Over the past two decades, Fayette County lost about 40% of its farmland. Many residents have lost their connection to agriculture and have little understanding about where their food comes from.
Posted on 09/17/19 by Cristina Luisa deRevere
Georgia 4-H inspires kids to do — to become self-directing, productive and contributing members of society by establishing personal and sincere relationships, learning life and leadership skills, and enhancing community awareness. During National 4-H Week, Oct. 6-12, Georgians will celebrate all the exceptional things these 4-H’ers accomplish.
Twenty-four Georgia 4-H teenagers spent their summer in a unique agriculture-focused student exchange program without leaving the state. Funded by the Thalia and Michael C. Carlos Foundation, One Georgia 4-H is an urban-rural 4-H exchange program designed to showcase the importance of agriculture in rural and urban Georgia.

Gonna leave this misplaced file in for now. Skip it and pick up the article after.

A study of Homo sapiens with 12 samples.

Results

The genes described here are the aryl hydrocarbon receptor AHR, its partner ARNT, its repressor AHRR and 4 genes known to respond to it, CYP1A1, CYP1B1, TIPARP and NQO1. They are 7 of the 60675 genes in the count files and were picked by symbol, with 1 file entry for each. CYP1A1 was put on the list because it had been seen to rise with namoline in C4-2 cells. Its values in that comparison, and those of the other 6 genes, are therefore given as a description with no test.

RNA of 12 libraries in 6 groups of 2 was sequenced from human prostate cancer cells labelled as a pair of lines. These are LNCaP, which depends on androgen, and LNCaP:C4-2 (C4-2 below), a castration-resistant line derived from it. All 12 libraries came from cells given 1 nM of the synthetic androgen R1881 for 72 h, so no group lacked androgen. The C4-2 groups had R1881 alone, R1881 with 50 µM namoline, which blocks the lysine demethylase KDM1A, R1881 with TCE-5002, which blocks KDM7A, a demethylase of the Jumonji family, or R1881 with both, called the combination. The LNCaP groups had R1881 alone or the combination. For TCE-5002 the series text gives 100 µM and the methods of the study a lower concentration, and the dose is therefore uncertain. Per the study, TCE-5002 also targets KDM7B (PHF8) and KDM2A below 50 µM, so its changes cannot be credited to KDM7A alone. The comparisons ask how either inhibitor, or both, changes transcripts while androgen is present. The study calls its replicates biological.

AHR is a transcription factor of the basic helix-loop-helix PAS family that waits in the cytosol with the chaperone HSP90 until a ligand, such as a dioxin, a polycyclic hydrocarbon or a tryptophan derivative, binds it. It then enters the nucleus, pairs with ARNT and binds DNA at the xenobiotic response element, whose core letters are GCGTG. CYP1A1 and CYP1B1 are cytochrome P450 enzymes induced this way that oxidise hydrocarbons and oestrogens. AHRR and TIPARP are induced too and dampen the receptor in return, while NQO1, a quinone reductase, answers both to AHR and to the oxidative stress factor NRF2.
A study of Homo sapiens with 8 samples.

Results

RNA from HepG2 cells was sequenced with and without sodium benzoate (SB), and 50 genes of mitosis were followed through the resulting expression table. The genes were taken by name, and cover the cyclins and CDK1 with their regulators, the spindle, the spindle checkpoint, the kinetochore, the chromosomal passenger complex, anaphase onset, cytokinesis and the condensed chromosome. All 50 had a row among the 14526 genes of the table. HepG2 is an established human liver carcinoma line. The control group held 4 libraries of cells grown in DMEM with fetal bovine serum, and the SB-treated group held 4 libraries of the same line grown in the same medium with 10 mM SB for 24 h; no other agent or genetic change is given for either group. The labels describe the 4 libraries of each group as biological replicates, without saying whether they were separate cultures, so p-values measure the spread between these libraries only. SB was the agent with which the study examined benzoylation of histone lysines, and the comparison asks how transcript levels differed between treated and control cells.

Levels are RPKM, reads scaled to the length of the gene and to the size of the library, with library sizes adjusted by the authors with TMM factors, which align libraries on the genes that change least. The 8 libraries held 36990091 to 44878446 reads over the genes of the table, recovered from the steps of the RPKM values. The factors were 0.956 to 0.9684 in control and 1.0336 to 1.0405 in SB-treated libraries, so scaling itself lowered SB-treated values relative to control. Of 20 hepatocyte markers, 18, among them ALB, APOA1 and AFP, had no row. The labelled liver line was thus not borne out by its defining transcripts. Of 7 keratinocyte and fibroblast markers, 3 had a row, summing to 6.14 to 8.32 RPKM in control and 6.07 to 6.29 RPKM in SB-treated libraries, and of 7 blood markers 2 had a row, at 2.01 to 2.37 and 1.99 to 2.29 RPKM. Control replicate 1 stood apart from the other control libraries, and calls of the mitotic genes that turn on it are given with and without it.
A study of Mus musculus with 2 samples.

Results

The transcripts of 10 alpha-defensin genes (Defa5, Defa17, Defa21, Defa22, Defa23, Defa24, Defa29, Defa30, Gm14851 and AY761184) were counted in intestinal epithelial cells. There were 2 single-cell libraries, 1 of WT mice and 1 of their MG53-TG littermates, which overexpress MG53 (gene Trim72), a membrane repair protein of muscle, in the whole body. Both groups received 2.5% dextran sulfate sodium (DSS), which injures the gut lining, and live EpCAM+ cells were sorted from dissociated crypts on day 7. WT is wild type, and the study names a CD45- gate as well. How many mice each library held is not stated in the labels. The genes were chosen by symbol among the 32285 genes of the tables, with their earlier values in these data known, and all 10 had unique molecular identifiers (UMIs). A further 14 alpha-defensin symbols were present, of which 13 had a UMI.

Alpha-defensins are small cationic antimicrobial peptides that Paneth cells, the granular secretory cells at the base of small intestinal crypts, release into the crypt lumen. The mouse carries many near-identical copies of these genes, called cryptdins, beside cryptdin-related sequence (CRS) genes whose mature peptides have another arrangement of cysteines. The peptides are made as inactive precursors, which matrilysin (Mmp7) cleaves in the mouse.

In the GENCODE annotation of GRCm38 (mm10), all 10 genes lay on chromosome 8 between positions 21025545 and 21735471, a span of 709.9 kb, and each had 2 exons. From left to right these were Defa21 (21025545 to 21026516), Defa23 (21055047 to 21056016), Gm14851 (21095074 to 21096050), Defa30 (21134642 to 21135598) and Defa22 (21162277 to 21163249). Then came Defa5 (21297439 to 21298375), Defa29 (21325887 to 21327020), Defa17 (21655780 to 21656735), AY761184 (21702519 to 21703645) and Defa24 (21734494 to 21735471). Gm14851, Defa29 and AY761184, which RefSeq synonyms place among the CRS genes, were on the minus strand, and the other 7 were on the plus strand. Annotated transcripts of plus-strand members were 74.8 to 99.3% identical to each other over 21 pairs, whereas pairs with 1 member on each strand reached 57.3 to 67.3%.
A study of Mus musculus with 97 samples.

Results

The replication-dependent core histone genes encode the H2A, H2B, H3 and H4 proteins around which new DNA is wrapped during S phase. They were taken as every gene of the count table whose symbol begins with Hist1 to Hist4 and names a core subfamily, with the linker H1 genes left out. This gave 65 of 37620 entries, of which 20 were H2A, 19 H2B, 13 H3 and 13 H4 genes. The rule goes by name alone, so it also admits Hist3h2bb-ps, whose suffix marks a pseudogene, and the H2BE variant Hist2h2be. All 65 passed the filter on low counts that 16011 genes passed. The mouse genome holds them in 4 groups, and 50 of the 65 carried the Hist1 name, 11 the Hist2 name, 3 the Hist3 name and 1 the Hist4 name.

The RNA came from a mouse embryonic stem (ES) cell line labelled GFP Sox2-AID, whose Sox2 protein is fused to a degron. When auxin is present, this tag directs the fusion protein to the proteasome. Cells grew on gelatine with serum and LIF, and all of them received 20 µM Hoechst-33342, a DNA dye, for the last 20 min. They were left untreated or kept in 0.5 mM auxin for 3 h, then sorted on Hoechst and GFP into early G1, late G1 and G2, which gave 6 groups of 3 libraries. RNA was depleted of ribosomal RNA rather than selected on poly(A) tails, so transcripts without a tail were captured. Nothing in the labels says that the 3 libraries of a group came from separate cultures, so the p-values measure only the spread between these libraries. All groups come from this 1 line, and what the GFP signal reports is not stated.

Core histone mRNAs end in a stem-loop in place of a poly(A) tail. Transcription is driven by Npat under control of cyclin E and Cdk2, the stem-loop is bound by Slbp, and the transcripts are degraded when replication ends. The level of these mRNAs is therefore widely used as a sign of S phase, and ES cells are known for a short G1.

College acceptance is not typically at the top of a middle school student’s to-do list, but preparation for higher education should begin somewhere between after-school practice and math homework at this age.
A generation ago, students looked forward to recess; a break in the school day when they could spend time with their friends climbing on the monkey bars, swinging or just burning some energy. But recess isn’t a guaranteed part of the school day anymore, and parents must make a concerted effort to add physical activity into their child’s day, says Diane Bales, a University of Georgia Cooperative Extension human development specialist.
Almost any teacher in America can look at her class and know which kids went to bed too late the night before. Sometimes the students are grumpy. Sometimes they’re drowsy. Sometimes they’re just not as attentive as they usually are. The symptoms are varied, but they’re all caused by a lack of sleep.
When summer draws to an end, parents often start getting their students ready to return to school. While a new backpack and a collection of notebooks and pens might top their to-do list, students also need to prepare emotionally, said Diane Bales, an associate professor of human development and family science at the University of Georgia College of Family and Consumer Sciences.